So it’s been a year of surprises.

From what I could gather, Jersey Shore featured morons in wife-beater undershirts competing for the charms of a dimwit with breasts the size of Ocean County. No need to watch, I grew up in New Jersey.

The Apprentice was a scripted melodrama featuring a New York tycoon famous for tabloid sex scandals pretending to hire and fire scheming contestants largely based upon… What? Beats me. A real business magnate would have better things to do. But then a genuine capitalist hero wouldn’t have gone bankrupt running casinos, would he?

So I never saw the Donald Trump phenomenon coming. Good grief, the man has gold-plated toilets. He discussed his daughter as a “piece of ass” on the radio with Howard Stern. How could anybody take him seriously?

I suppose because millions of Americans never got wise to pro-wrestling storylines: A Yankee George Wallace come to save them from the Kenyan Muslim usurper is how they saw it, and still do.

That said, another form of infotainment I’ve personally boycotted is the White House “tell-all” book—gossip-mongering and score-settling leaked by disaffected aides to an author seeking what Nicholas von Hoffman once called “arrestingly irrelevant detail.”

Joan Didion dubbed such narratives “political pornography.” Goodness, don’t people get enough White House infighting on the evening news?

So the runaway success of Michael Wolff’s book Fire and Fury: Inside the Trump White House, has also surprised me. I’d have thought normal people were all-Trumped-out.

Of course the president himself virtually guaranteed the book’s success by threatening to cancel its publication—legally impossible under the First Amendment. Ditto Trump’s threats to sue Wolff and his publisher. He’s about as likely to engage LeBron James in a fistfight.

Remember when the president vowed to sue all 20 women who claimed he grabbed them by…? Well, “felt them up” is the Jersey idiom. That lawsuit’s also never happening. See, if you sue somebody then you have to face cross-examination. Trump can never risk that.

Indeed, the president’s bluster about Wolff’s book has been so self-defeating it’s enough to make you wonder whether he hasn’t got a piece of the action. At the rate Fire and Fury is selling, Wolff could end up buying Mar-a-Lago. Trump’s being in on the scam would also explain the sheer political stupidity of giving a journalist like Wolff unfettered White House access in the first place.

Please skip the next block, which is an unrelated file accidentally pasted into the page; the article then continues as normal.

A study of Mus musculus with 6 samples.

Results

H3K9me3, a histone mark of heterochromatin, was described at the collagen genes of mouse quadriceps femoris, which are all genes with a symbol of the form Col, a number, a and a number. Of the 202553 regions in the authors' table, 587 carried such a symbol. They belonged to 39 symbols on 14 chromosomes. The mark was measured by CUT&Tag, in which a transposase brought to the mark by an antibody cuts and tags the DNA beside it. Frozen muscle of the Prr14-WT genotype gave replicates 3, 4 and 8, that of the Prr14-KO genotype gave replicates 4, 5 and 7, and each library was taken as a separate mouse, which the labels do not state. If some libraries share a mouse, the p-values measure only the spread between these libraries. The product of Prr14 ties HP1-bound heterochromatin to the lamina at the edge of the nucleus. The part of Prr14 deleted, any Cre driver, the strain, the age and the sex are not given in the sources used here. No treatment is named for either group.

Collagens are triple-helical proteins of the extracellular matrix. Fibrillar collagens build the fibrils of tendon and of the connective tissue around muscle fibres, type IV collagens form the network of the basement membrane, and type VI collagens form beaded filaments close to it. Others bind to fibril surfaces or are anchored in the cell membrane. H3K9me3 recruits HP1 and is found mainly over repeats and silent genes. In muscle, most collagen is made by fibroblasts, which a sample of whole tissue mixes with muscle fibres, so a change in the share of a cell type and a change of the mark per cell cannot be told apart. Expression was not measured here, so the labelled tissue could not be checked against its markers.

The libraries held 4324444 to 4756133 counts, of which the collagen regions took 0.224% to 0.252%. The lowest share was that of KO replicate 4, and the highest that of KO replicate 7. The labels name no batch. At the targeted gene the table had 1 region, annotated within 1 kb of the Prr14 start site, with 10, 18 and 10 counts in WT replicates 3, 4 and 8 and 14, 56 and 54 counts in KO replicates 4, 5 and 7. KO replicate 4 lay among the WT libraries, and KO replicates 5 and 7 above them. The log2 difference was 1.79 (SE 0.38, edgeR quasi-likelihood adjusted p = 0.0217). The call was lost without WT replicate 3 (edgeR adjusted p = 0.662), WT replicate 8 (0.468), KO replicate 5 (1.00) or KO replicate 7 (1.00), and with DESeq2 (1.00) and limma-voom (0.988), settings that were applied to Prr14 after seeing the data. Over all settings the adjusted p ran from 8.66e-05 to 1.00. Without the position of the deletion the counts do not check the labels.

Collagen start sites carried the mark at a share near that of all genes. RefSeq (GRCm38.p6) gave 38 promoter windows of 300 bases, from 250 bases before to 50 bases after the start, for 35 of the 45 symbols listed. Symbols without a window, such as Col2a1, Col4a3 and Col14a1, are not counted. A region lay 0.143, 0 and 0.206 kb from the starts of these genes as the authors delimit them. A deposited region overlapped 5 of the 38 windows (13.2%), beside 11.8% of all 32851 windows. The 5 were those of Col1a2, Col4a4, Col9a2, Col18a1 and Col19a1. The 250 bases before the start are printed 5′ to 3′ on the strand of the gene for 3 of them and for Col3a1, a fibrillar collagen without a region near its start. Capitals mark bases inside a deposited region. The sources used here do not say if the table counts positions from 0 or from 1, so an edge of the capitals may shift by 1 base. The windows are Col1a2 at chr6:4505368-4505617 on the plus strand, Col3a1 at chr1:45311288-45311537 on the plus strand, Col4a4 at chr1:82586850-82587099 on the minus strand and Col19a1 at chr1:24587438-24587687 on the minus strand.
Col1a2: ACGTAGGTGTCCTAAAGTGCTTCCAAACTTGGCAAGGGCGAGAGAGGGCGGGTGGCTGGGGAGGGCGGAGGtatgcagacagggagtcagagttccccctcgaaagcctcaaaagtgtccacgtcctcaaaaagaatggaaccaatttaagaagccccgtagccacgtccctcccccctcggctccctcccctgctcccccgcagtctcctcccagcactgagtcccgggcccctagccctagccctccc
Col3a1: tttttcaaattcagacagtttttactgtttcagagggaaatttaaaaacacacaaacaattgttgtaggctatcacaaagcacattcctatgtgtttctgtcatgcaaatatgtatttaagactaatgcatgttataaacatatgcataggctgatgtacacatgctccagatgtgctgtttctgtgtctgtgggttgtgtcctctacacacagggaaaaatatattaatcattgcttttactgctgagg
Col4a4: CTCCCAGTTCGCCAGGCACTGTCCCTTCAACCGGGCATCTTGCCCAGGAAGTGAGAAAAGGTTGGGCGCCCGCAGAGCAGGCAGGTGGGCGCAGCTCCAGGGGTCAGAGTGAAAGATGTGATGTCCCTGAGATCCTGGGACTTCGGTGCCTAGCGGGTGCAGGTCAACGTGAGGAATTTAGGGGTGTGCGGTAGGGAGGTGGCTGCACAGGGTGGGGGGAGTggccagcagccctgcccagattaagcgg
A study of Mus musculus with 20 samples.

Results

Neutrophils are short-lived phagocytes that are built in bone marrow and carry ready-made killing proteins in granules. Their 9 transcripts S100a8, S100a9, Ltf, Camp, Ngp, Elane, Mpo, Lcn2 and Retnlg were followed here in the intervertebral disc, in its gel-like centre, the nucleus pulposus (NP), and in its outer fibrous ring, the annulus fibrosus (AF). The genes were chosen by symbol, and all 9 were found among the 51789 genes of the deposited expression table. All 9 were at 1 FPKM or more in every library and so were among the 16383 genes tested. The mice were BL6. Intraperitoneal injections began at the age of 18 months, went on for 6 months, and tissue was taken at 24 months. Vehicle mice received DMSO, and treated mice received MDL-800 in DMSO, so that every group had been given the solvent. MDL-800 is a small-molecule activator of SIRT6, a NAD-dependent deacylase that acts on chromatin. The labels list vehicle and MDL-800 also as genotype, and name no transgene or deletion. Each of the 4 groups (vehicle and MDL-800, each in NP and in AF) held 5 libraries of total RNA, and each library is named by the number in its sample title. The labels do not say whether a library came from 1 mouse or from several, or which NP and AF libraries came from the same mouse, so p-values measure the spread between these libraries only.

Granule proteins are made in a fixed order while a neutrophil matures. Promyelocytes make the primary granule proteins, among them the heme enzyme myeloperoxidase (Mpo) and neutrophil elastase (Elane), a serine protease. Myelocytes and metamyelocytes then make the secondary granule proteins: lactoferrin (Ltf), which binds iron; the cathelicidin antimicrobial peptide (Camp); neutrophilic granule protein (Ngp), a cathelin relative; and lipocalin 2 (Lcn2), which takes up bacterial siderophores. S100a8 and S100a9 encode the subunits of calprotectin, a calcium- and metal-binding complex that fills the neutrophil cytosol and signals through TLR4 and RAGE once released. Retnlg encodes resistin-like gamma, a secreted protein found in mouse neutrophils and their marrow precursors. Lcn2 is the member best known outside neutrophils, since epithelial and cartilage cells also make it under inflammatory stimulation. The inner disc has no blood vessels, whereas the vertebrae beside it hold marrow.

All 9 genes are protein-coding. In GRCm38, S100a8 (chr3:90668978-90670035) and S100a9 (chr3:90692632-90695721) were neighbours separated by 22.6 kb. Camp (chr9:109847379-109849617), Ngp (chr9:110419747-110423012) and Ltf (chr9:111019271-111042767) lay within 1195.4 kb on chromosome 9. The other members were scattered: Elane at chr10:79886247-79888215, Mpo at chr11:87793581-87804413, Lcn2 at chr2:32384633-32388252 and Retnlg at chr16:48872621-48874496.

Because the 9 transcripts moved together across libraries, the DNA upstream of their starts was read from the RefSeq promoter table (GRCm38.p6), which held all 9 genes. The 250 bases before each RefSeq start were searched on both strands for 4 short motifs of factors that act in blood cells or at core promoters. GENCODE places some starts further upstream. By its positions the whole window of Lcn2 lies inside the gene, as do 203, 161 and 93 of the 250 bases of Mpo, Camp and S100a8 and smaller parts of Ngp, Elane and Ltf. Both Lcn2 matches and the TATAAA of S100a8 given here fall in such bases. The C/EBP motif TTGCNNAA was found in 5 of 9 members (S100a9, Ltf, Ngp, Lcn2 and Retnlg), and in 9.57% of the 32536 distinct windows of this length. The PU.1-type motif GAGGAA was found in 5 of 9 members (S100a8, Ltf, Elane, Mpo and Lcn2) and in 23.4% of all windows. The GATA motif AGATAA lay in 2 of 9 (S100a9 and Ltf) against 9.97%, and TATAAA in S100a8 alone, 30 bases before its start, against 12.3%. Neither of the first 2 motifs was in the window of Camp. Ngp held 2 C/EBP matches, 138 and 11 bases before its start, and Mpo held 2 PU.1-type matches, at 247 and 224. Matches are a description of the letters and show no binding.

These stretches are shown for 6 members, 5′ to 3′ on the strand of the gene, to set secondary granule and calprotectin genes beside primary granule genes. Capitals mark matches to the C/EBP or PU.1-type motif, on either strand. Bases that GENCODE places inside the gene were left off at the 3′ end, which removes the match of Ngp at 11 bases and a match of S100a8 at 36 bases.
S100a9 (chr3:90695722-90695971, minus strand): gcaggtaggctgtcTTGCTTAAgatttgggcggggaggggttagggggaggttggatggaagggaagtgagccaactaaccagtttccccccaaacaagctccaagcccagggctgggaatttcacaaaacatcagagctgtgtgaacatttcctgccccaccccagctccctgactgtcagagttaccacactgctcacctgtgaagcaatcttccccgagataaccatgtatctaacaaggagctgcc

That said, my resolve was wavering until a friend posted a few pages on Facebook describing Trump’s post-inauguration visit to CIA headquarters. Cheered on by White House staffers seated in the front row, the president told his bewildered audience a story of divine intervention.

“God looked down and said we’re not going to let it rain on your [inauguration] speech. And in fact when it first started I said Oh nooo.. First line I got hit with a couple of drops and I said, Oh no, this is too bad, but…the truth is it stopped immediately and then it became really sunny and I walked off and it poured right after I left.”

This isn’t something Sloppy Steve Bannon or Kellyanne Conway whispered to Michael Wolff. There’s a transcript, and video of both speeches.

The choices are: A) Trump is fabulating or B) Trump is delusional.

Google it if you doubt me. A steady drizzle started when Trump began to speak and continued throughout. The sun never appeared, and it also never “poured.” Total rainfall that day was less than a tenth of an inch. When Grandpa starts rattling on like that, it’s time to take away his car keys.

Anyway, reading even that much of Wolff’s book rendered me bilious and fatigued. So more power to him, but I’ll take a pass. A guy who will lie to your face about the weather has no concept of truth. Any time Trump uses phrases like “believe me,” “honestly,” “trust me,” or “to tell you the truth,” it’s a dead giveaway: Everything that follows is make-believe.

If you haven’t yet figured that out, perhaps you can’t.

Also, here’s the deal: Anybody who needs to go on TV to brag about being a “stable genius” is definitely neither. Just as a smart person confident of his innocence in the Russia investigation would lay off special counsel Robert Mueller and await vindication. But Trump can’t do that.

Trump’s political gifts are instinctive cunning and a hunger for adulation. He understands people’s secret resentments because he shares them. He has a middle-school bully’s knack for name-calling, and absolutely no shame.

If he’s slipping, as Wolff reports, Trump can still play a crowd.


Gene Lyons is a political columnist and author. Lyons writes a column for the Arkansas Times that is nationally syndicated by United Media. He was previously a general editor at Newsweek as wells an associate editor at Texas Monthly where he won a National Magazine Award in 1980. He contributes to Salon.com and has written for such magazines as Harper's, The New York Times Magazine, The New York Review of Books, Entertainment Weekly, Washington Monthly, The Nation, Esquire, and Slate. A graduate of Rutgers University with a Ph.D. in English from the University of Virginia, Lyons taught at the Universities of Massachusetts, Arkansas and Texas before becoming a full-time writer in 1976. A native of New Jersey, Lyons has lived in Arkansas with his wife Diane since 1972. The Lyons live on a cattle farm near Houston, Ark., with a half-dozen dogs, several cats, three horses, and a growing herd of Fleckvieh Simmental cows. Lyons has written several books including The Higher Illiteracy (University of Arkansas, 1988), Widow's Web (Simon & Schuster, 1993), Fools for Scandal (Franklin Square, 1996) as well as The Hunting Of The President: The 10 Year Campaign to Destroy Bill and Hillary Clinton, which he co-authored with National Memo Editor-in-Chief Joe Conason.